Last week, lawmakers and foreign policy experts alike roundly criticized Donald Trump's sudden decision to pull U.S. troops from northern Syria, effectively green-lighting Turkey's plan to attack American-aligned Kurdish forces in the region. Leaving, critics warned, would constitute a betrayal of an important U.S. ally and allow detained Islamic State militants to escape custody. And it might also prompt desperate Kurdish fighters to seek an alliance with Syrian dictator Bashar al-Assad.
These predictions began coming true mere hours after Trump's announcement, when Turkey launched a series of airstrikes against Kurdish positions. Dozens of Kurdish fighters and civilians have been killed since then, and the United Nations estimates that 130,000 people have fled their homes to escape the violence. Hundreds of detained family members of ISIS fighters escaped from an understaffed prison camp, and the U.S. has managed to take custody of only two of more than 2,000 suspected ISIS terrorists held in the area, according to CBS News. On Sunday, Kurdish forces indeed announced an alliance with the Iran- and Russia-backed Assad regime, opening up large swaths of northern Syria to recapture by Assad's forces. On Monday, The New York Times reported that his armies were already on the move.
The sudden instability has placed American lives in danger, too. Newsweek reported that Turkish forces have fired shells near positions long known to be held by American troops, suggesting that Turkish president Recep Tayyip Erdoğan is deliberately working to hasten their retreat. "Turkey knows all of our locations down to the precise grid coordinate," wrote Brett McGurk, former special envoy to the coalition to defeat ISIS, on Twitter. "This was not a mistake." A senior administration official described the situation to The Washington Post as "total chaos" and a "total shitstorm":
Amid reports of Islamic State militants escaping prisons in the area, a U.S. official confirmed that the American forces had been unable to carry out plans to move several dozen high-value detainees to more secure locations, as first reported by the New York Times. One official said that multiple Kurdish-run detention facilities were now unguarded and that the U.S. military believed hundreds of detainees had escaped.
Throughout this rapidly unfolding humanitarian disaster, Trump's explanation for his choice has been that defeating ISIS is his sole interest in keeping U.S. troops in Syria; beyond that, whatever happens between the various factions there is not America's problem. "The Kurds and Turkey have been fighting for many years," he tweeted on Sunday. "Others may want to come in and fight for one side or the other. Let them!"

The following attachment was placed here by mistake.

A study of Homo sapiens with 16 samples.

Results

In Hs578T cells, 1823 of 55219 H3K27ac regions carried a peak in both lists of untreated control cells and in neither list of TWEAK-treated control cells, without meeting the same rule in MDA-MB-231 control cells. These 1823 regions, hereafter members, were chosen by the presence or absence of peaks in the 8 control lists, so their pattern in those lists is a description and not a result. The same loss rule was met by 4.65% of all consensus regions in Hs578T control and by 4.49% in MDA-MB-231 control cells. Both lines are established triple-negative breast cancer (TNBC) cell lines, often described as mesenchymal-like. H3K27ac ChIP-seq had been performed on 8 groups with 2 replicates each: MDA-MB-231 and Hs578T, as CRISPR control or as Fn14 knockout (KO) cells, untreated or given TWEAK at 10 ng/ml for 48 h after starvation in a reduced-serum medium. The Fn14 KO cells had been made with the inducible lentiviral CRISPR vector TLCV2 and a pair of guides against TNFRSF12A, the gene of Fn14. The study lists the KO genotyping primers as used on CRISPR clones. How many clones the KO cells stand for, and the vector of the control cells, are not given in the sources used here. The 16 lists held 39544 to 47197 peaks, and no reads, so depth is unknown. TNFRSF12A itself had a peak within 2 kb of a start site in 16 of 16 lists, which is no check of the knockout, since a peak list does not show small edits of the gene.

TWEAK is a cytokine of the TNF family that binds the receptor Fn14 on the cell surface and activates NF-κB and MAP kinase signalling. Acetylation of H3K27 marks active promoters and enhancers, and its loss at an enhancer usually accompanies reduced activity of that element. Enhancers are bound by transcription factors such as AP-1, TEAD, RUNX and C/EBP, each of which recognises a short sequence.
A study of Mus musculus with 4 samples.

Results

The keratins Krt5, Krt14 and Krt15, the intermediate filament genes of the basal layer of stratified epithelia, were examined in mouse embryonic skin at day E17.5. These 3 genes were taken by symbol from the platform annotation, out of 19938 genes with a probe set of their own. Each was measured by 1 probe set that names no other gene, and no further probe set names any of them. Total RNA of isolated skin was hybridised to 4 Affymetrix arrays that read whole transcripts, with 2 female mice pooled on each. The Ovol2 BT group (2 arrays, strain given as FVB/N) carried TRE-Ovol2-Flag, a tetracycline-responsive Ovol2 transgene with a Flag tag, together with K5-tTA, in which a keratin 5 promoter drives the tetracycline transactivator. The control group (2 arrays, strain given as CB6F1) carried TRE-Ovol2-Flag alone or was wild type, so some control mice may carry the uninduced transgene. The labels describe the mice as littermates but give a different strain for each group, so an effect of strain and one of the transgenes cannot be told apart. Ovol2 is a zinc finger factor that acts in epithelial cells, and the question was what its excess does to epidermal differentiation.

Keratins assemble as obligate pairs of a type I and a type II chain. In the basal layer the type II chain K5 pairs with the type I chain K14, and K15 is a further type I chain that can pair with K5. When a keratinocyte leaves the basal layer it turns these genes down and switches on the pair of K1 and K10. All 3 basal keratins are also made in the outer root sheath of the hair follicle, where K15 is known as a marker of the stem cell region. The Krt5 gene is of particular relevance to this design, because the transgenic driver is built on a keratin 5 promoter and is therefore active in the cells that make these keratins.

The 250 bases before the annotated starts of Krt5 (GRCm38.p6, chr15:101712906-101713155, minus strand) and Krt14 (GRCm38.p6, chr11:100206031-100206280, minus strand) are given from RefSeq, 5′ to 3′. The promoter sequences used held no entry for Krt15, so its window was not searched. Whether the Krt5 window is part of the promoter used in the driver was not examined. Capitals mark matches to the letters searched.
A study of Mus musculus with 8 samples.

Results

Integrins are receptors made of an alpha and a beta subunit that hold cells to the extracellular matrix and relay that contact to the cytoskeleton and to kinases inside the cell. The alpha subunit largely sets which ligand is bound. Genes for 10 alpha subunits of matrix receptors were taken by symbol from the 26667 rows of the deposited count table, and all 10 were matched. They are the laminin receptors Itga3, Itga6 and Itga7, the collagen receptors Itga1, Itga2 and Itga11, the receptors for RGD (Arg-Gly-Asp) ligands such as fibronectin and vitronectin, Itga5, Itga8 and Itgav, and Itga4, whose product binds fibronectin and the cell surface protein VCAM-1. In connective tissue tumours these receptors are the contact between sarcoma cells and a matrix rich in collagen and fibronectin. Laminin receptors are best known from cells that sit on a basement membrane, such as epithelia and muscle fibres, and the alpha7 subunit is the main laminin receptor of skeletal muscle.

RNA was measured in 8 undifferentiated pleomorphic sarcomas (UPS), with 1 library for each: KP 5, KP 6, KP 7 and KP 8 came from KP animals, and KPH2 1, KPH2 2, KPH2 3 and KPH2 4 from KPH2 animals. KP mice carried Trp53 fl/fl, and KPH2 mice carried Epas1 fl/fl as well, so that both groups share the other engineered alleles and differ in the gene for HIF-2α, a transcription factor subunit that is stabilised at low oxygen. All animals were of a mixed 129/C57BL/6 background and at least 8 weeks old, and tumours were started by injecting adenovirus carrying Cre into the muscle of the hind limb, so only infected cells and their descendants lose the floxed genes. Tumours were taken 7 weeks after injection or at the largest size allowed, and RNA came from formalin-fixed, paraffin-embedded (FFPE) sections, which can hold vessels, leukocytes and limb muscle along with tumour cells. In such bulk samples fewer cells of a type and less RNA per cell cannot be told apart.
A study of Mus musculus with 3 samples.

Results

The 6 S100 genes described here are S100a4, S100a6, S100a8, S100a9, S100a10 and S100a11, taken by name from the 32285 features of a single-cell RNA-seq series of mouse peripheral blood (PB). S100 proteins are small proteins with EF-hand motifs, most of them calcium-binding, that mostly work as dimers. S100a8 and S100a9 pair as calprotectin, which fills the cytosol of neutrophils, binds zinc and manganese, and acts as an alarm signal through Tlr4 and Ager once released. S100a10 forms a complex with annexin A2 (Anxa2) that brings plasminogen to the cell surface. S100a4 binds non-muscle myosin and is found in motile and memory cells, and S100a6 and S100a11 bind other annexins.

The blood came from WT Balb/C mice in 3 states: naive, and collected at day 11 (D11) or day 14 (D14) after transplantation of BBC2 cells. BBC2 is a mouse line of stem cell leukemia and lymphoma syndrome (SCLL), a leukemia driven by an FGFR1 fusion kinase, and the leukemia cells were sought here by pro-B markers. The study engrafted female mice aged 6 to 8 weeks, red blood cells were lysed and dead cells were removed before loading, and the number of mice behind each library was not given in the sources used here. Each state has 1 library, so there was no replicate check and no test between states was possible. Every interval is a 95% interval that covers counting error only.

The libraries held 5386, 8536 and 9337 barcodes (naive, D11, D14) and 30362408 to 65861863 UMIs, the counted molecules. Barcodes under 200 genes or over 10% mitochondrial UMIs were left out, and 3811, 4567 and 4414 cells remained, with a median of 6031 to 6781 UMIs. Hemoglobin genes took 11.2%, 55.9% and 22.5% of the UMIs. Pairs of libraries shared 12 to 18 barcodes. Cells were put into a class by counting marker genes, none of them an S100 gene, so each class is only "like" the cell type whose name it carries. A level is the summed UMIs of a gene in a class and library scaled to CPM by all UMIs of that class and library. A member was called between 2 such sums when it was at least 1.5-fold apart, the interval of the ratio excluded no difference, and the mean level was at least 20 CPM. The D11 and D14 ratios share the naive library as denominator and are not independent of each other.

In Washington, D.C., where lawmakers understood that abandoning the Kurds would both do significant harm to the U.S.'s reputation and allow ISIS to regain strength, the condemnation was swift and bipartisan. House Speaker Nancy Pelosi called it a "reckless, misguided decision" and a "foolish attempt to appease an authoritarian strongman." Even dependable Trump yes-man South Carolina senator Lindsey Graham referred to the Turkish invasion as a campaign of "ethnic cleansing," criticized the administration's threat of conditional sanctions on Turkey as "tepid," and called on lawmakers to pass "crippling" sanctions as soon as possible.
As the criticism of the White House grew louder, Trump's attempts to justify this move grew increasingly unmoored from reality. "Very smart not to be involved in the intense fighting along the Turkish Border, for a change," he tweeted over the weekend, ignoring the fact that he enabled such "intense fighting" to occur. "Turkey and the Kurds must not let [ISIS prisoners] escape," he warned, as if unaware that the onset of war might affect the ability of Turkish and/or Kurdish troops to act as prison guards on behalf of the U.S. On Thursday, as bombs fell in Syria, Trump began ruminating on social media about what to do next, as if hoping someone smart would tell him the right answer.
This is not the first time Trump has scrambled to deal with the easily foreseeable consequences of an ill-advised choice. Last summer, the White House announced that it would extend $12 billion in emergency aid to farmers squeezed by his trade wars, in an effort to ease the burden on the domestic economy "without backing down on Trump's trade agenda," as The Washington Post put it. After withdrawing from President Obama's nuclear agreement with Iran, which Trump mocked as "the worst deal ever," the president began expressing support earlier this year for an arrangement in which Iran would agree to shelve its nuclear weapons program in exchange for sanctions relief—which is, of course, what the Iran deal was.
On Sunday, Trump announced that he had come around to Graham's point of view and would be working with Congress to impose "powerful" economic sanctions in the days to come. But punishing Turkey for the ongoing bloodshed is only necessary because of how badly the president has already bungled the situation: Simply maintaining the status quo—keeping a U.S. military presence in the region—would have prevented the ongoing bloodshed from occurring in the first place. Once again, the president is forced to devise a costly, complicated solution to a problem he created all by himself.